The Law, Elements and Exceptions to Self Defence in NSW

The defence of self defence is a complete defence. This means that if self-defence is successfully raised by an accused, an accused person will not be criminally responsible and will be acquitted of an offence. The defence of self-defence however, is not straight forward and questions of whether a person believed that their conduct was necessary to defend themselves, other persons, property or criminal trespass and whether their conduct was a reasonable response in the circumstances which the person perceived them needs to be carefully explored within the circumstances of each particular case where such a defence may be available.

What is the Law of Self Defence in NSW?

Part 11 of the Crimes Act 1900 (NSW) contains the defence of self-defence. In particular, Section 418(1) of the Crimes Act states that a person is not criminally responsible for an offence if the person carries out the conduct constituting the offence in self-defence. Section 418(2) sets out that self-defence is available if and only if a person believes that the conduct is necessary to:

(a)  to defend themselves or another person, or

(b)  to prevent or terminate the unlawful deprivation a person’s liberty or the liberty of another person, or

(c)  to protect property from unlawful taking, destruction, damage or interference, or

(d)  to prevent criminal trespass to any land or premises or to remove a person committing any such criminal trespass,

and the conduct is a reasonable response in the circumstances the person perceives them.

What are the Elements of Self-Defence?

There are two elements of self-defence which both need to be satisfied for the defence to be made out. The first, that a person believes that the conduct is necessary to defend themselves, another person, property or criminal trespass. This is known as the subjective test as it focuses on the belief of the person claiming self-defence. The second is an objective test in that the conduct must be a reasonable response in the circumstances as a person perceives them. This is a question for the court to determine, whether by a Magistrate in the Local Court or a Judge or Jury in the District or Supreme Court. For example, a person who was pushed by an alleged victim acting aggressively toward them in a pub before striking the victim with a glass bottle causing major injuries to the alleged victim may have believed that their conduct was necessary to defend themselves however, a court will likely conclude that their response was not reasonable in the circumstances which they perceived them. In those circumstances, the defence of self-defence is not likely to succeed.

What are the Exceptions to the Law of Self-Defence?

Section 420 of the Crimes Act 1900 (NSW) states that self-defence does not apply if a person uses force that involves the intentional or reckless infliction of death merely to protect property or prevent criminal trespass or to remove a person committing criminal trespass.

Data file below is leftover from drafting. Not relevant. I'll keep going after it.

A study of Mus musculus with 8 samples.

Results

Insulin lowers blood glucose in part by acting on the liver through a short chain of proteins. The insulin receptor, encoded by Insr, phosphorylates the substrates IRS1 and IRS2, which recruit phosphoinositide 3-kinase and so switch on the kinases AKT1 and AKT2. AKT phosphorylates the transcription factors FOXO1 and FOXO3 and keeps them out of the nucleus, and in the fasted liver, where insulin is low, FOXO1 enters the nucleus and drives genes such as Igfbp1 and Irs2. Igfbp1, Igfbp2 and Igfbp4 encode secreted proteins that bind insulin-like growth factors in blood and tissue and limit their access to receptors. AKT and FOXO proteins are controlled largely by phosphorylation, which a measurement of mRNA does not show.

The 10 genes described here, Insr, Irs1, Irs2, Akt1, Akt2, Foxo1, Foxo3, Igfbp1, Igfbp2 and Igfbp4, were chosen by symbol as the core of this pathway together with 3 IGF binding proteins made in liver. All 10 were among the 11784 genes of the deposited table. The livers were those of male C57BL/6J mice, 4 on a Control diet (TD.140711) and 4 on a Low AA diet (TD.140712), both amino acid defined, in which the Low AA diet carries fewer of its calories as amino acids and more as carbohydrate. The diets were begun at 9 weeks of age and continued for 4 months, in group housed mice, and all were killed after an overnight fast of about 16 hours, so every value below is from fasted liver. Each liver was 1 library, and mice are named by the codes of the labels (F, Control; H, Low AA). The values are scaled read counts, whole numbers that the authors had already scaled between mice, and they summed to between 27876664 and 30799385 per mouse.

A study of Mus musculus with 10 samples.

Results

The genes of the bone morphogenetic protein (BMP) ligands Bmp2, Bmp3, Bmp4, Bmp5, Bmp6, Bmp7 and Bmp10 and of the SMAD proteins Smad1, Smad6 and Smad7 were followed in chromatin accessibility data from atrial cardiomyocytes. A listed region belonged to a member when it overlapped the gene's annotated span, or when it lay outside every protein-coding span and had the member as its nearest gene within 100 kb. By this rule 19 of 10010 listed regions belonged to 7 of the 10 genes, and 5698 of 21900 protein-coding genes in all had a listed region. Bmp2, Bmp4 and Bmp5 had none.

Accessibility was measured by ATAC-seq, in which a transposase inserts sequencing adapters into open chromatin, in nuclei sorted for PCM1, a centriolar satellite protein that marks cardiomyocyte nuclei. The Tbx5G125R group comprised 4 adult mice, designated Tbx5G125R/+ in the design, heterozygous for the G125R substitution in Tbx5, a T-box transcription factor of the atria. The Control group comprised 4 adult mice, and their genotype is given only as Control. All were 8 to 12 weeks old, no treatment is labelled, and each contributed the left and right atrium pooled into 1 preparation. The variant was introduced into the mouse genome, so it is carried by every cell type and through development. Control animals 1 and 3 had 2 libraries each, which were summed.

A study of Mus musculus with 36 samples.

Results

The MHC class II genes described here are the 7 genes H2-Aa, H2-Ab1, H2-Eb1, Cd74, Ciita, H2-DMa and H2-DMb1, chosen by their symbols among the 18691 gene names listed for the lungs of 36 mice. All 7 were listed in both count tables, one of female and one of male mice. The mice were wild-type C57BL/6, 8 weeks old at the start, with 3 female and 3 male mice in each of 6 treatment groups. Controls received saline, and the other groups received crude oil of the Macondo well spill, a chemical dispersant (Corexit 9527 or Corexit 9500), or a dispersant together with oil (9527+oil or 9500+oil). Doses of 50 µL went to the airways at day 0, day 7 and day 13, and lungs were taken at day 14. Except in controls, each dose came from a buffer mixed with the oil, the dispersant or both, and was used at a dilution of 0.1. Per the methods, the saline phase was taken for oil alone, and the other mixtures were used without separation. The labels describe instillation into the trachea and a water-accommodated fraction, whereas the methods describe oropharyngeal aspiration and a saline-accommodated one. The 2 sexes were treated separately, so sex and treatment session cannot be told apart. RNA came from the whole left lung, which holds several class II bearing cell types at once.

Section 421 of the Act states that if a person uses force that involves the infliction of death and that the conduct is not a reasonable response in the circumstances as he or she perceives them but believes that the conduct is necessary to defend themselves or another person or to prevent or terminate the unlawful deprivation of their liberty or the liberty of another person, that person is not criminally responsible for murder, but is to be found guilty of manslaughter if the person is otherwise criminally responsible for manslaughter.

How is Self-Defence Raised?

Self-defence can be raised by an accused, or it may arise in the evidence of a particular case generally. There is no need for an accused to give evidence to raise self-defence however the circumstances and tactical approaches of each case need to be carefully considered when considering the defence of self-defence. Once the defence of self-defence is raised, the prosecution has the onus of proving beyond reasonable doubt that the accused did not carry out the conduct in self-defence by either disproving that the accused believed that their conduct was necessary to defend themselves, others, property or trespass or by proving that the accused’s response was not reasonable in the circumstances as they perceived them.

Considerations of the Law of Self-Defence

The law and defence of self-defence is not straight forward, and each case needs to be carefully examined to determine whether self-defence can be raised, and an assessment made as to the likelihood of the defence being established. There are many contextual matters which may arise and the distinction between a person acting in self-defence and a person being found not to have acted in self-defence can be very fine indeed. Courts carefully examine all of the circumstances of the offence when assessing an accused’s belief and the reasonableness of their response. Prosecutors will often seek to disprove self-defence on the basis that an accused could have taken an alternative course of action in response to the circumstances which he or she perceives. It is therefore very important to seek legal advice and representation from one of our experienced lawyers to assess whether a defence of self-defence can be raised.

The content contained within this guide is expressed as a general guide as to this area of law and is not intended to contain legal advice specific to an individual’s case. If you, or someone you know has been charged with a criminal offence and requires legal advice, do not hesitate to contact Australian Lawyers and Advocates to discuss any criminal law matters further.